How to Install a Lantern Battery

by Grahame Turner

Despite their lower light output, electric lanterns are more convenient for the average camper since a convenience store is more likely to have a lantern battery than a bottle of kerosene or lantern oil. Changing a lantern battery can be simpler than refilling the gas reservoir. Lantern batteries come in two styles: screw top or spring top. Screw-top batteries have plastic caps, usually one red and one black; spring-top batteries have what appear to be springs mounted on the top.

Spring Top

Detach the housing door to the battery compartment of the lantern. Housing doors are usually on the bottom of the lantern and attached with a simple clip or a screw connection. The screws can be removed and installed by hand. Clips usually require either a sliding or rotating motion. The mechanism varies based on the manufacturer.

Slide out the old battery (it should fall right out). Note the orientation of the positive and negative terminals on the battery as you remove it.

Align the positive and negative terminals of the new battery to match the alignment of the removed battery (or the lantern's battery compartment). These terminals, which look like springs, are marked with a + (positive) or - sign. One is often centered (usually the negative terminal) on the battery top; the other is about an inch to the side.

Slide the battery into the battery compartment. Hold the battery in place and test the lantern. If the lantern does not light, turn the lantern off, remove the battery and reinsert after checking to make certain the battery terminals line up with the lantern terminals inside the battery compartment.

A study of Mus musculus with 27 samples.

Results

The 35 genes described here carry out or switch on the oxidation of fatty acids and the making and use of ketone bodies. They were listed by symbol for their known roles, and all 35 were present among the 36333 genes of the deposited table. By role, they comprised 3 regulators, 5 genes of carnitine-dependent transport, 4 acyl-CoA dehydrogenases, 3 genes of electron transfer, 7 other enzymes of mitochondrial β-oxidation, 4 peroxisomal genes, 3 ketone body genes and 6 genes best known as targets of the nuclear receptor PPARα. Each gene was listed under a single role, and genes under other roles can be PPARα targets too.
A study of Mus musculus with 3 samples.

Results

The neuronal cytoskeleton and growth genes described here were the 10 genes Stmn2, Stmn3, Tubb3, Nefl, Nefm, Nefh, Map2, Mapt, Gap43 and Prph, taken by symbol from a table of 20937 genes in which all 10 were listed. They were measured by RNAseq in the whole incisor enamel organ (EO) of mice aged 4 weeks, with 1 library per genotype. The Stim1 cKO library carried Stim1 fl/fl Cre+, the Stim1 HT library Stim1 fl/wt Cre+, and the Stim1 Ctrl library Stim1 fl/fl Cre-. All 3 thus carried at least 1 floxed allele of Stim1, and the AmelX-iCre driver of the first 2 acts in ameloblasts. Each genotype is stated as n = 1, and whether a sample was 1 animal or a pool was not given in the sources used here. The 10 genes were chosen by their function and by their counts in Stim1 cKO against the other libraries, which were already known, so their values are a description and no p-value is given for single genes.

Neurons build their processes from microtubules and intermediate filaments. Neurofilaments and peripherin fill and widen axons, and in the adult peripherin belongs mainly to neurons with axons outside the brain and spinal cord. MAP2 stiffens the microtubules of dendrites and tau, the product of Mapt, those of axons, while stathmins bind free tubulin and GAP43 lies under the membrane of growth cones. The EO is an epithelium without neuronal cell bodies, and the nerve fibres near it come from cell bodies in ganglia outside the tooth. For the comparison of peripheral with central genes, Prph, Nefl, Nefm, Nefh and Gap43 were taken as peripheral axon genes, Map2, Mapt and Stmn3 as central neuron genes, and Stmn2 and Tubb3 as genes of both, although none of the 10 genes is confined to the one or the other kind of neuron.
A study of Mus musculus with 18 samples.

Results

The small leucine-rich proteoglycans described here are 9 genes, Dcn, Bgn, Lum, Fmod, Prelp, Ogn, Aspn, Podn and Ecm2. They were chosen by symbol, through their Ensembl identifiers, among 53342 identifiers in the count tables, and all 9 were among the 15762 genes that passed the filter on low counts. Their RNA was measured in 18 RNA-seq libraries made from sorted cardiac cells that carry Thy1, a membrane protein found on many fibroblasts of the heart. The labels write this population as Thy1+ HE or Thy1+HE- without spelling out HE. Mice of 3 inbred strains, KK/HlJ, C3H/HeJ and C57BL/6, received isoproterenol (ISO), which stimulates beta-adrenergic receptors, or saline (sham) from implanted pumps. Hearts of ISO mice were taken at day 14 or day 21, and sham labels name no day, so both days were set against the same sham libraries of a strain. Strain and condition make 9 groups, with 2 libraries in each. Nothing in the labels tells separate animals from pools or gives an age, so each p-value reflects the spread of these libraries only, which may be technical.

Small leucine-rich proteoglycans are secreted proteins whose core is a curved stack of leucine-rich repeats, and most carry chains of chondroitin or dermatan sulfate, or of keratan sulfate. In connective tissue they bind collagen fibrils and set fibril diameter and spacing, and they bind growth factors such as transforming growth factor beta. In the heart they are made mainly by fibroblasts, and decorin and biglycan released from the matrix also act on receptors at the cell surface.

Screw Top

Detach the housing door to the battery compartment of the lantern. Housing doors are usually on the bottom of the lantern and attached with a simple clip or a screw connection. The screws can be removed and installed by hand. Clips usually require either a sliding or rotating motion. The mechanism varies based on the manufacturer.

Slide out the old battery (it should fall part of the way out). Unlike spring top batteries, screw top batteries are connected to the lantern via wires that are long enough to extend out of the battery compartment, allowing batteries to be changed more easily.

Loosen the screw caps atop the battery by hand. Once the screw cap is loosened, the wire should slide or fall right off. Note the wires' polarity (positive and negative). In most cases, the lantern will indicate polarity by using either red (positive) and black (negative) wires or one of the two wires will have white lines printed on it.

Unscrew the caps on the fresh battery and attach the wires to the new battery, ensuring that the negative wire is connected to the negative battery terminal. Tighten the screw caps until a firm connection between the wire and cap exists.

Hold the battery in place and test the lantern. If the lantern does not light, turn the lantern off, remove the battery and reinsert after checking to make certain the battery terminals and lantern wires are correctly matched or that the wires are firmly connected to the battery caps.

Items you will need

  • Lantern
  • Lantern operating instructions (optional)
  • New Lantern Battery (see Lantern packaging)

Tip

  • Generally, spring-top batteries are 6-volt, while screw-top are 12 volts.

Warnings

  • Don't change batteries while the lantern is switched on.
  • Never connect both terminals on the battery to each other. This causes a short circuit, which can spark or cause the battery to overheat and fail.

About the Author

Grahame Turner has worked as a freelance writer since 2009 and a freelance reporter since 2010 for Wellesley Patch and Jamaica Plain Patch in Massachusetts. He also works part-time as a bookseller at the Northeastern University bookstore. He is a Northeastern University graduate with a Bachelor of Arts in English.